Cyberattacks from China along with its growing business influence and military presence in the Philippines are posing a threat to the Philippines’ economic interests.
The Philippines already filed about 60 diplomatic protests against China under the Duterte administration, including Beijing’s new law that allows the Chinese coast guard to fire on foreign vessels plying the disputed South China Sea.
Senator Grace Poe, chair of the Senate Committee on Public Services, expressed alarm over the government’s questionable capability to counter Chinese cyberattacks.
Citing the lack of sufficient mechanisms in place to combat the raging cybersecurity warfare, Poe said, “we’re talking about the franchise of DITO Telecommunications and one of the issues being brought forth–and I think fairly–is how to protect ourselves, knowing that a certain percentage of ownership is owned by a foreign national.”
Senator Risa Hontiveros also aired concerns over the presence of “state-sponsored hacking in foreign countries, mainly China-based groups that are carrying out attacks on behalf of the Chinese government.”
Hontiveros said that “by allowing a proxy of the Chinese government to set up networks in the country, as well as facilities in our military camps, it is reasonable to conclude that a state-sponsored hacking group can easily get one foot in our door.”
Vice President Leni Robredo focused on the important question of “what is China’s interest in our national affairs?”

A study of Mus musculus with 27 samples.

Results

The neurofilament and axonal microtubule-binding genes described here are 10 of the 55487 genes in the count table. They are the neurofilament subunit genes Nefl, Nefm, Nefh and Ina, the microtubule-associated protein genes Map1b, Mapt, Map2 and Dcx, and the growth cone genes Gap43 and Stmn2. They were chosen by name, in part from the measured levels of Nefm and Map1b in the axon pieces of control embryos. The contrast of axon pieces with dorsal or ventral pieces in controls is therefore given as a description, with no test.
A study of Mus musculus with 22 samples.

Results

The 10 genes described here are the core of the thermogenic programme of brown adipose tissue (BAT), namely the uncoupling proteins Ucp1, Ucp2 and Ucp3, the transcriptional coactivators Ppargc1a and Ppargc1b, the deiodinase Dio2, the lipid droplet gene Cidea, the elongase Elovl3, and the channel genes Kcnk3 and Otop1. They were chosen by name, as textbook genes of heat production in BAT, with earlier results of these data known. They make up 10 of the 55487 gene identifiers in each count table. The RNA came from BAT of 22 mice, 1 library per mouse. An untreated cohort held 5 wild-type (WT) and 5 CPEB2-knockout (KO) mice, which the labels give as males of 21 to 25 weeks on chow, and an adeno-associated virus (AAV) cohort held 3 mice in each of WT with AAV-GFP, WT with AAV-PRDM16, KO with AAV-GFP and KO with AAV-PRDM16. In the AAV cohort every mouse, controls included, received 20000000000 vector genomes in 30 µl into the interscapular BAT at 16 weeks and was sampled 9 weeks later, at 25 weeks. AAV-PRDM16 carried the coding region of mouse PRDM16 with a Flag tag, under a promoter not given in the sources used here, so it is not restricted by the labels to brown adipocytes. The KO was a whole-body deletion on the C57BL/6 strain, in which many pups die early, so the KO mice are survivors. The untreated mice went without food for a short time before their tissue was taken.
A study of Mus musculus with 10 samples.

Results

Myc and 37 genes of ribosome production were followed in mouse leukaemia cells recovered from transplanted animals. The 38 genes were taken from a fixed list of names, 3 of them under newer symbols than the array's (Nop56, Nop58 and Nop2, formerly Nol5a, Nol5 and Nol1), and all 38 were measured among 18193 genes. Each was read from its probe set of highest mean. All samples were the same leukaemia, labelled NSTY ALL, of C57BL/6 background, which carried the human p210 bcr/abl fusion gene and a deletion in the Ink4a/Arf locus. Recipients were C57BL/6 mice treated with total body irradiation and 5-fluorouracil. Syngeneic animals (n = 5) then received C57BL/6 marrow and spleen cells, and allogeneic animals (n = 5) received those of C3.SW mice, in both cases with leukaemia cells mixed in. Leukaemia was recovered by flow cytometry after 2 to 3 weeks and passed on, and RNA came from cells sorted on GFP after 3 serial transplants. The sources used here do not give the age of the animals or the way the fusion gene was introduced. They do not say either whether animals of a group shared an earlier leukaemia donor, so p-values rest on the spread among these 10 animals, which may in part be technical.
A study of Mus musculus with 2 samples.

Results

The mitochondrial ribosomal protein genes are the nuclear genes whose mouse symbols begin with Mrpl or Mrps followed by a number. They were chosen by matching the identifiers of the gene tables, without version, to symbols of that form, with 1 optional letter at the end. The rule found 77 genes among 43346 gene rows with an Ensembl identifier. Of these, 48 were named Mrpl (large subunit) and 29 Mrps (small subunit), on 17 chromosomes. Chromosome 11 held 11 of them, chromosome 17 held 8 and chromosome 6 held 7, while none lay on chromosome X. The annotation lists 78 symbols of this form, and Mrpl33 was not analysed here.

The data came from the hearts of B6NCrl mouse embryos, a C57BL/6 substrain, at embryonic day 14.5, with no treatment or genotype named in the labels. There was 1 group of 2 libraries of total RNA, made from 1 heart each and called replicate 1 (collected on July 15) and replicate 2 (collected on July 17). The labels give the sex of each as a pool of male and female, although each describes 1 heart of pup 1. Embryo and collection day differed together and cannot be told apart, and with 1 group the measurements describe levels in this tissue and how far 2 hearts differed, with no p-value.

This was triggered by the move of Facebook to take down two disinformation networks: one with alleged links to the Philippine military and police and another originating from Fujian, a province on the southeastern coast of China. Both were flagged for “coordinated inauthentic behavior”.
Facebook specified in a statement that they “flagged both disinformation networks for potentially engaging in foreign or government interference, which is CIB-conducted on behalf of a foreign or government actor.”
The Philippine government addressed these potential threats with the National Cybersecurity Plan 2022 of the Department of Information and Communications Technology in the face of such foreign or government disinformation networks identified by Facebook.
DICT’s foremost concerns to be addressed by the cybersecurity plan are “making government information environment, businesses as well as individuals secure from risks, threats and vulnerabilities from malicious actors such as criminals, terrorist organizations, individuals or even hostile states.”
But the anxiety over Chinese threats continues to mount as in the case of the telecommunications engineer Pierre Galla ofDemocracy.net.ph who noted that “the country had not yet established a ‘cyber-defense doctrine’ to guide the AFP and the intelligence community in combating threats in the digital landscape, including those posed by state-sponsored hacking groups.”